BUSINESS leaders hailed the Chancellor’s £7 billion energy package aimed at “radically reducing” costs for manufacturers as a significant boost for the sector.
The measures are expected to save a medium-sized factory some £50,000 a year.
The main announcement was the capping of the Carbon Price Floor (CPF), a tax on electricity from fossil fuels aimed at stimulating investment in low-carbon generation, at £18 per tonne of CO2 from 2016-17 until the end of the decade.
An existing compensation scheme for energy intensive industries such as steelmaking and paper manufacture will also be extended with additional help worth almost £1bn to protect them against the rising cost of renewable energy subsidy schemes. The government said a typical energy intensive business in Britain pays almost 50 per cent more for their electricity than a comparable business in France.
Chancellor George Osborne said the latter move would particularly benefit the most energy intensive manufacturers, around 80 per cent of which are based in Scotland, the north of England and Wales.
The government said although it was committed to the CPF’s role in stimulating investment in low-carbon infrastructure, it was capping the support rate to limit any competitive disadvantage faced by British firms. The move is expected to save businesses up to £4bn by 2018-19 and a further £1.5bn in 2018-19, while also shaving £15 off a typical household energy bill.
John Cridland, director-general of the CBI, said the budget had put the “wind in the sails” of businesses, especially manufacturers.
“The CBI has pushed hard for this significant and much-needed energy package that will help keep manufacturing jobs in the UK, while underpinning vital investment in new energy”, he said.
“This was a make or break budget coming at a critical time in the recovery and the Chancellor has focused his firepower on areas that have the potential to lock in growth.”
Bryan Buchan, chief executive of Scottish Engineering said the measures were the “first tangible indicator of support for the manufacturing sector for a long time”.
“The package to cut energy bills for businesses and householders is a much-needed stimulus.
“All in all, the benefits for our sector from this budget are considerable and I believe that the Chancellor has shown that the government is willing to help the one sector which has, throughout the recession, been able to maintain a level of growth.”
Terry Scuoler, chief executive of EEF, the manufacturers’ organisation, said: “The Chancellor said this would be a budget for manufacturers and he has delivered on his word. The government clearly recognises the need to make the competitiveness of the UK a priority. We argued strongly for the need to reduce the rising cost of energy faced by many companies, and he’s acted on that.”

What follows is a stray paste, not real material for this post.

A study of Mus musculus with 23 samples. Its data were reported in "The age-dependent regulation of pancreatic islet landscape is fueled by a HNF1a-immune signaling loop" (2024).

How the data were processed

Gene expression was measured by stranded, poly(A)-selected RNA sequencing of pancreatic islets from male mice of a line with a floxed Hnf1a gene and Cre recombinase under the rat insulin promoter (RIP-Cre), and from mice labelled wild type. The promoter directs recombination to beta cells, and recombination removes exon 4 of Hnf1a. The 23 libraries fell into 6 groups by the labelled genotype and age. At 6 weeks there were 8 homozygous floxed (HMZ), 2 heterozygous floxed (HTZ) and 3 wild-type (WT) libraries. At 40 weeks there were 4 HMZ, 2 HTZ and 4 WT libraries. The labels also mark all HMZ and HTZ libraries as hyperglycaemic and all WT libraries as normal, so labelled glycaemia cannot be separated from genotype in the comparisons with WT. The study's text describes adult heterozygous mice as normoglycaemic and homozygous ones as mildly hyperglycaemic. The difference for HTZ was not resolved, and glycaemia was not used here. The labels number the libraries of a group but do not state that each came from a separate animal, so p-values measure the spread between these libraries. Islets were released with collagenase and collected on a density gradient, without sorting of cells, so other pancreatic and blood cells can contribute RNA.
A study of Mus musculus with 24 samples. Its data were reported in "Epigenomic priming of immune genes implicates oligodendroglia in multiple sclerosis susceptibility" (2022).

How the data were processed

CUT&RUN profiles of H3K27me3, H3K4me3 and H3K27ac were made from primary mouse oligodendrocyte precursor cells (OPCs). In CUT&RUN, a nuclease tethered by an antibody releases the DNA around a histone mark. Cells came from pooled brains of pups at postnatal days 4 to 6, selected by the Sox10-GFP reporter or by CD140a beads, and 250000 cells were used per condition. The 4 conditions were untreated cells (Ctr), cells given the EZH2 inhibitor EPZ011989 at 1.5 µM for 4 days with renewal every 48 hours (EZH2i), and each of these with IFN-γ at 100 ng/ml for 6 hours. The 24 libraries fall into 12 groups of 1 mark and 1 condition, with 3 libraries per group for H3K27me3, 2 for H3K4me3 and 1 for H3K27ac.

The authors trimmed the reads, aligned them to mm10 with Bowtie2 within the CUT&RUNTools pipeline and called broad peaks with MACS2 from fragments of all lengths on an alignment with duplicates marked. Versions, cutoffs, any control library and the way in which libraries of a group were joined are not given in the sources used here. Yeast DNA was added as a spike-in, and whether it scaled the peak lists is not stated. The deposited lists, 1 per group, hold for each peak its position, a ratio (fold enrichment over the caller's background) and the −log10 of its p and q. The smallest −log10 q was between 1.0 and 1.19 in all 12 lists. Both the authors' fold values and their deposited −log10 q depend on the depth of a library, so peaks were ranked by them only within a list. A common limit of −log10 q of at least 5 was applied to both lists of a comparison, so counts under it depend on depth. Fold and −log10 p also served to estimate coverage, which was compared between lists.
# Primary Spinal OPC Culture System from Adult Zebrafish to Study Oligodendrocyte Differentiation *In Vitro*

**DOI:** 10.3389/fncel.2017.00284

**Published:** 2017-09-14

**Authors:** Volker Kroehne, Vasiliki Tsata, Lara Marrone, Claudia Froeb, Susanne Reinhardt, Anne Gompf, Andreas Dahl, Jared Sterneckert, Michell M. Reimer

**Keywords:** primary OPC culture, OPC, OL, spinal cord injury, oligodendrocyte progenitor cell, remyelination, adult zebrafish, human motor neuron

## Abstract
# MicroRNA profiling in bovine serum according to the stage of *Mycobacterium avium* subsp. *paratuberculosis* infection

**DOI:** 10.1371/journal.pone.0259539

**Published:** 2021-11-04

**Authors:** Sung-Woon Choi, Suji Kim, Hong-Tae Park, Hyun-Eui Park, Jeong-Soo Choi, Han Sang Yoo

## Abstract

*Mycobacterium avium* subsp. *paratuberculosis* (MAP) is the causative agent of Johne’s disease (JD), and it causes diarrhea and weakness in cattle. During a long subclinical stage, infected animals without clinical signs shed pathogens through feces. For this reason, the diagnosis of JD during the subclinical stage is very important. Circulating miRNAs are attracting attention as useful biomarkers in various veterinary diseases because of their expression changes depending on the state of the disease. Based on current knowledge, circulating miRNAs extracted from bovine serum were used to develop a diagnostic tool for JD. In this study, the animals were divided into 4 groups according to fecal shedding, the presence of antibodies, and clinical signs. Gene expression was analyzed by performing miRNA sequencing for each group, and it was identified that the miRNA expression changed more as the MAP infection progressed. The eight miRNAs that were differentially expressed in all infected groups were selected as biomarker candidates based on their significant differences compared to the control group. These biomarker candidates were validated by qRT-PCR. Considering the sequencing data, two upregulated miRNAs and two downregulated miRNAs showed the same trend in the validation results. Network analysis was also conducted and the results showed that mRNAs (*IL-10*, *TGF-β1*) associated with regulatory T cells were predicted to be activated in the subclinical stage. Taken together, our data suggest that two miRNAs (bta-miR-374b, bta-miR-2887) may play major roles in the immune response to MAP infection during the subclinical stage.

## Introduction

Paul Nelson, managing director of Glasgow-based Allied Vehicles, which employs more than 400 people and specialises in adapting vehicles into taxis and transport for the disabled, said the move to cut energy bills for manufacturers was welcome.
“Energy is a significant cost for us and anything which takes some of that pressure off has to be good for the business.”
But Nelson said that while the energy announcement and some of the other budget measures may be of some help to manufacturers, the biggest impact the Chancellor could have on his firm was to ensure the wider economic recovery continued.
“We’ve seen sales grow by some 20 per cent in the past 12 months and provided the economy continues to recover we see further growth ahead.”
Although Roy Rickhuss, general secretary of steel union Community, welcomed the news he said it had come too late for many working in the sector. “We’ve been saying for years that industry needed help to reduce its energy costs and now the Chancellor, by his announcement today, has admitted the government has been getting it wrong.
“Sadly it’s too late to save thousands of steel jobs that we’ve seen disappear in recent years.”
The renewables industry also warned that the announcement could risk investment in green energy projects.
Renewable UK’s director of policy, Dr Gordon Edge, said the freeze in the CPF will “chill the mood of some investors” in clean energy projects.
“The Chancellor introduced the CPF to stimulate green growth by penalising fossil fuel polluters. Now some of that growth will be lost, despite the Chancellor’s assertion that there will be no reduction in investment in renewable energy.”
Dr Doug Parr, chief scientist at Greenpeace, said the move on energy represented a “multi-million-pound bung to coal plants”.
“Freezing the CPF without further measures to ensure that coal is driven off the grid shows that this government has caved in to pressure from the coal lobby and downgraded climate action.”